Stacks of colorful notecards called “conversation cards” decorated every table in the Mural Room of Paresky Commons last Friday during the second Andover Together lunch. Sponsored by the Abbot Academy Fund, this initiative seeks to encourage communication between students and adults on campus.
Rajesh Mundra, Associate Dean of Students and Residential Life and organizer of the event, said, “The thought was that there could be more intentional opportunities for faculty, staff, and students to get to know each other. So this is one of a series of different things that we’re doing this year to promote communication and building relationships.”
The first lunch that Andover Together hosted, which occurred in October and was only open to Flagstaff Cluster students, took place in Susie’s. According to Mundra, changing the location of the second lunch to Paresky was meant to encourage more students to attend.
“This time we wanted to make it more central, [and] it’s not by cluster, it’s open to any student in the school. So we’re hoping that more students, more faculty, and more staff will come, during their lunch time. Almost everybody eats lunch at [Paresky], so we’re hoping that this will be an easier way for people to come and stop by,” said Mundra.
Each card contained potential discussion topics about Andover, including “How did you first know about Andover?,” “Which Andover values resonates the most with you and why?,” “What is your favorite Andover event?” and “When is the Andover community at its best?”
Abigail Johnson ’19 wrote in an email to The Phillipian, “My favorite part was hearing everyone share at what moments they thought the Andover community was at its best. Some moments, from Corner Day to the death of a classmate, Dan [Nakajima ’18], last year, were shared by most of us. Other moments, such as the Niswarth [Learning in the World] program, were shared only by a few.”
According to Johnson, the myriad of shared answers inspired her to think about all of the experiences that Andover students have in common, even if they have never met before.
Johnson continued, “It is not uncommon for me to talk with friends about our favorite events or what we think about the atmosphere of our community, but it’s also valuable to have those conversations with people who have very different perspectives and involvements in the community.”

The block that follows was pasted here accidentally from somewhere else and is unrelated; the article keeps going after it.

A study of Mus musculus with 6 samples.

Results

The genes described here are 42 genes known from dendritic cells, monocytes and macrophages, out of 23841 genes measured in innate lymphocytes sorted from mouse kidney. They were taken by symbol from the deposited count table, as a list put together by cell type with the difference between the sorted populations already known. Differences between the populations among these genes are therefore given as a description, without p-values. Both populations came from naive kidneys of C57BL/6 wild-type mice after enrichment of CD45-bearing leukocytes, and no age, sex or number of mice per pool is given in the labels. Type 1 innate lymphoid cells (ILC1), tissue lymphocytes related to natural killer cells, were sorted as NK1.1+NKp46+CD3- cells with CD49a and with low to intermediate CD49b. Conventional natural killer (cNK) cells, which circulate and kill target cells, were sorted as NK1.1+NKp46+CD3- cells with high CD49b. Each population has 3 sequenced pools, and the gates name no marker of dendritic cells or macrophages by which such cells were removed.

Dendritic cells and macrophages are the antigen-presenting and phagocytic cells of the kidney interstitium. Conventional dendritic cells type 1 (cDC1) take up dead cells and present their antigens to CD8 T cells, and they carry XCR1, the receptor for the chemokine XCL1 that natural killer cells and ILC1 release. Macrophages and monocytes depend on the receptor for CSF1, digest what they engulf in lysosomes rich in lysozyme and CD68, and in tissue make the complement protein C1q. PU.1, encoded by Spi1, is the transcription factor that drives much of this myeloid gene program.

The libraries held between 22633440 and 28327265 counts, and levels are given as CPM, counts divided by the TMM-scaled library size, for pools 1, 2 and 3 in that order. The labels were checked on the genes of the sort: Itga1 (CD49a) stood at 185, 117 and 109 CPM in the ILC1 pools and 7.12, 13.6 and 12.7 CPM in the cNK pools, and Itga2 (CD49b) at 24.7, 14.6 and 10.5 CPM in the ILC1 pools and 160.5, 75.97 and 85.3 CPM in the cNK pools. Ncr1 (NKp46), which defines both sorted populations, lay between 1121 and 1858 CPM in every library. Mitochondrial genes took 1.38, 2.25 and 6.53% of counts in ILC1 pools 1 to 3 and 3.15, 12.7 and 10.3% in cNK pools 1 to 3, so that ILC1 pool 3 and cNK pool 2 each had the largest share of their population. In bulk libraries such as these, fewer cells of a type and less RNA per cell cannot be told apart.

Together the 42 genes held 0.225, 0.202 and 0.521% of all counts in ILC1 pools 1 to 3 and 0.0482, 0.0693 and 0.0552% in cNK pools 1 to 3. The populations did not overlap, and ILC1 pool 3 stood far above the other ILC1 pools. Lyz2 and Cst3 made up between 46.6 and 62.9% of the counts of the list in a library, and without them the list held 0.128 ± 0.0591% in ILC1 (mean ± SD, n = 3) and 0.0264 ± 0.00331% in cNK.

Gayatri Rajan ’22 attended the lunch with her friend because she thought it would be a good idea to meet more people. According to Rajan, she became more comfortable with the people she talked to as the lunch progressed.
“We went through all of the school’s mottos and we were like, ‘which one resonates with you the most,’ because we were all talking about our lives and how that has to do with it. And someone said something really good, like the ‘private school with a public purpose,’ we were talking about how all of us resonate with that and why,” said Rajan.
According to Mundra, the Andover Together events differ from other forums in that it is not topic-based. While other events, such as All-School Congress, allow students to discuss a particular subject with teachers, Andover Together mostly inspires informal conversation that helps build connections.
“This is a forum to get to know other people that you might not know. This is not necessarily the topic-based [conversations], this is just friendly-based, and getting to know people,” said Mundra.
Sophie Liu ’20 said she liked the idea of talking to teachers and students that she usually doesn’t get the chance to converse with. According to Liu, however, she was doing homework during her lunch period on Friday and was unable to attend Andover Together.
“I feel like if [Andover Together] were a more constant thing, like if there was this opportunity every day or more often during conference, just a space for people to go in and out of, talk to people who pass by, I feel like that would be a better opportunity to connect with people,” said Liu.
While Robert Hickman, Instructor in Mathematics, Statistics, and Computer Science, did not attend the lunch, he says he hopes that these types of events will continue occuring.
“I think it’s very important for the faculty to get to know the students, especially because if we interact with students outside the classroom for some reason on campus, it’s definitely beneficial. If something happens or if there’s some kind of issue, it’s easy to figure out. But then it’s also good just to generate ideas and talk to them. There’s a lot interdisciplinary stuff happening on campus and students could get involved in that conversation,” said Hickman.
In the future, the Andover Together initiative will allow a group of students to ask a faculty member to host a dinner.
“It wouldn’t be like your house counselor, or your advisor, but it could be somebody else that a group of students just want to get to know better… That’s a little more personal, intentional. Maybe the faculty member would host it at their house, or maybe they would go out to dinner somewhere, but there are funds allocated for those small groups,” said Mundra.
Editor’s Note: Estelle Zhu is an Associate Arts Editor for The Phillipian.